The “growing capabilities” of the Somali National Army (SNA) are cited as reasons for the success of an ongoing military offensive in the east African country which has seen cities and towns “recovered” from Al Shabaab.
This opinion comes from Lieutenant General Diomede Ndegeya, outgoing ATMIS (African Union Transition Mission in Somalia) force commander.
“The Somali people need peace because they have suffered for far too long,” he is quoted as saying in an ATMIS statement which adds that since September under the leadership of the new government, the local population “joined hands in the fight against Al Shabaab”.
“There is political will to defeat terrorism in Somalia,” said the three-star, whose tour of duty after arriving in Somalia in August 2020 to take over from Lieutenant General Tigabu Yilma of Ethiopia, is over.
In a farewell message, Ndegeya said SNA’s ability to attack, defeat the enemy and hold ground was a critical indicator it was growing into a force capable of taking full responsibility for national security as well as the protection of the country and its citizens.
During his tenure, the African Union (AU) and the Somali government adopted a plan putting in motion reconfiguring the mission, previously AMISOM (African Union Mission in Somalia), under which some forward operating bases (FOBs) in Afgoye, Marianguwaay and elsewhere were handed to Somali authorities.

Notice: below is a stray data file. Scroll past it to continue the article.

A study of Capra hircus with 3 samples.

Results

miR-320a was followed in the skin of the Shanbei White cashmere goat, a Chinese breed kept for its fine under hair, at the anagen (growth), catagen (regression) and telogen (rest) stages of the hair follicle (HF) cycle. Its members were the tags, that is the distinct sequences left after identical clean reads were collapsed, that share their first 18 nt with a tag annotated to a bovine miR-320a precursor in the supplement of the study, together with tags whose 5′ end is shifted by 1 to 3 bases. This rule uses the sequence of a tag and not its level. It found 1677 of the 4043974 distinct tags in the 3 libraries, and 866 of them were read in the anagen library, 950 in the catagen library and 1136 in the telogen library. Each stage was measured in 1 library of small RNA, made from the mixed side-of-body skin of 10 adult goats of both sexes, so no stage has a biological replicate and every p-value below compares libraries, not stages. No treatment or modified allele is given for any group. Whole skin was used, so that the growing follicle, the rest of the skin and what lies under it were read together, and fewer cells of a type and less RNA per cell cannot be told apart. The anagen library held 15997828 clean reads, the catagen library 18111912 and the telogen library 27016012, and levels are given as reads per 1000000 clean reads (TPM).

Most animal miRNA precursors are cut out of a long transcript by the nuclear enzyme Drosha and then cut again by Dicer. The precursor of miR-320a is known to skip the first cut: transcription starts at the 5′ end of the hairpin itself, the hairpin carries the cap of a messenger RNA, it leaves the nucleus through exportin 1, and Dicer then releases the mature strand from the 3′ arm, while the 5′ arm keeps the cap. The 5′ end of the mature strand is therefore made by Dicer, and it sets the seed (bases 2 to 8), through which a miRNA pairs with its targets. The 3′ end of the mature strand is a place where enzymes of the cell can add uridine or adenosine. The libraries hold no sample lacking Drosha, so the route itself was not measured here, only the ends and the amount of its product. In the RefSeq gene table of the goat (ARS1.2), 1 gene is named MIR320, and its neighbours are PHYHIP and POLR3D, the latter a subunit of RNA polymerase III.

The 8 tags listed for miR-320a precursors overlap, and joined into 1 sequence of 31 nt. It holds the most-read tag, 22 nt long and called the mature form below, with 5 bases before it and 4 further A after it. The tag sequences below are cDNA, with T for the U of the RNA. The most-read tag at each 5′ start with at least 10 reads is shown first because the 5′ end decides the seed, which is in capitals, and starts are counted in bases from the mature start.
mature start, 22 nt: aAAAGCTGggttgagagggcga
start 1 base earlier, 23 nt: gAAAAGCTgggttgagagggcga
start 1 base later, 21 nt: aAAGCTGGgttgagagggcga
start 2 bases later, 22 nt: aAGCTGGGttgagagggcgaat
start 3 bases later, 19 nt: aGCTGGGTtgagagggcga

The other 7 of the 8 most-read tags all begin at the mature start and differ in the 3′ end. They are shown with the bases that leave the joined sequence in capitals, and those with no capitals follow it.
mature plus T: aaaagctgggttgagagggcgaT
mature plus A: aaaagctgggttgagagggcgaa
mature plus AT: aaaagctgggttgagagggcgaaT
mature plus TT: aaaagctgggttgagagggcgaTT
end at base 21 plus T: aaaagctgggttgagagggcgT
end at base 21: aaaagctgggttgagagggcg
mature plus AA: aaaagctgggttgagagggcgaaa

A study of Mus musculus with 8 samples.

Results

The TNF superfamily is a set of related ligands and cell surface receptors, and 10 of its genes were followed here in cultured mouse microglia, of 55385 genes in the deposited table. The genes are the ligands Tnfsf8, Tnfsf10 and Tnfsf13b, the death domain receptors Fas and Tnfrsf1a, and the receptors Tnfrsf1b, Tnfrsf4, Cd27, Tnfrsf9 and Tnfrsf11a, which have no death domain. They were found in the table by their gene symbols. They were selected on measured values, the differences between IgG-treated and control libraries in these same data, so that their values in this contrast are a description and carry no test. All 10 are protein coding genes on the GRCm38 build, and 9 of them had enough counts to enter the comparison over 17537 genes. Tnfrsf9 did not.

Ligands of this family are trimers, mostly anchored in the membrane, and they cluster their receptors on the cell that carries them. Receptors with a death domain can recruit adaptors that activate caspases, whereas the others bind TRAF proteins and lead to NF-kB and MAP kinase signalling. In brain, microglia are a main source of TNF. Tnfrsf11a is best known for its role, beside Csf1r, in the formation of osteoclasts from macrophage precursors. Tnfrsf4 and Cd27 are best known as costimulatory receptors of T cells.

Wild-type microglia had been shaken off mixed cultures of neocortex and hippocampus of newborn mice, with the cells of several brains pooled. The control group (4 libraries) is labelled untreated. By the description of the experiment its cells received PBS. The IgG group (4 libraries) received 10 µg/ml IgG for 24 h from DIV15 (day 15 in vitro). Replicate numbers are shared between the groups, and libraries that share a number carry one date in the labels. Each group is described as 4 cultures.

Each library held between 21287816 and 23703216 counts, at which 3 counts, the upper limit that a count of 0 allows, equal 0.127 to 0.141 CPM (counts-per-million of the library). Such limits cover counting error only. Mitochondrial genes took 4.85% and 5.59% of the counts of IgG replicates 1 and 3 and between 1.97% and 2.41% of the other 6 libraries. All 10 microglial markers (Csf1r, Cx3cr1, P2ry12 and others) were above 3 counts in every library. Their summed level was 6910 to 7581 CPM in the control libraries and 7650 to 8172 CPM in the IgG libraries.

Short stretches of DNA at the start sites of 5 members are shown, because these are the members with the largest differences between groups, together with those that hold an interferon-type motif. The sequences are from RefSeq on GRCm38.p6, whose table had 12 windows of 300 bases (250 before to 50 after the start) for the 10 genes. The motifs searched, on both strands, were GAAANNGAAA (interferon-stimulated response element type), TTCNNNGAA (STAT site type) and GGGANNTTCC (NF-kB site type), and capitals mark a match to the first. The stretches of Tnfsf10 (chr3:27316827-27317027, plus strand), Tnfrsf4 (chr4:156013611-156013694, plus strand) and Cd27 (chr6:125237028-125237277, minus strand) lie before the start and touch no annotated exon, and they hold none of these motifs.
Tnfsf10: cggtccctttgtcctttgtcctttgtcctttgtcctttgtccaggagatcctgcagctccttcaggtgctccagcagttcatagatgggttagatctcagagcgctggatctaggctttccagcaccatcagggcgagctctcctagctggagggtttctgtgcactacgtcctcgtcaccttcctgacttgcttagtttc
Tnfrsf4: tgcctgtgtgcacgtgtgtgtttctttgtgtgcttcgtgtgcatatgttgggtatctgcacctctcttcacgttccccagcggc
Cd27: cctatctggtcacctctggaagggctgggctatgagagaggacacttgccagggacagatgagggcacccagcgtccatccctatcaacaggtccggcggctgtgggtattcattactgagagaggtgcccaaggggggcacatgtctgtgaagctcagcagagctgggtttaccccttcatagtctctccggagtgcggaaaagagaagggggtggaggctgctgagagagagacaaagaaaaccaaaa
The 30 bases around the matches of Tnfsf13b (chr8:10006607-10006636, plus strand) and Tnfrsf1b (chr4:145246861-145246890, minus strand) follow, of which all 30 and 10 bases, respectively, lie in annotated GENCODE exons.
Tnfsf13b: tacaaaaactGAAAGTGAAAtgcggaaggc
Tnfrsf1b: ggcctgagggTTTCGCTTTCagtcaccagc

The base handover was part of the implementation of a gradual but steady transfer of full security responsibilities to the Somali authorities under the Somalia Transition Plan, supported by the Somali government and its international partners, the statement has it.
As outgoing force commander Ndegeya hailed the international community for providing financial and logistic support to AU troops.
“We wouldn’t be able to achieve as much in Somalia without our partners. I thank them for their support and appeal to them to do more and not become fatigued,” the statement has him saying.
During his tenure, ATMIS established joint operations centres to enable ATMIS and Somali security forces to plan joint operations and strengthen command and control structures. This collaboration was important in securing the election of 329 members of the two houses of Parliament earlier this year, and the election of a President in May 15 in Mogadishu.
“With ATMIS and Somali Security Forces working together Somalia held what was, in the end, largely fair, peaceful and credible elections.”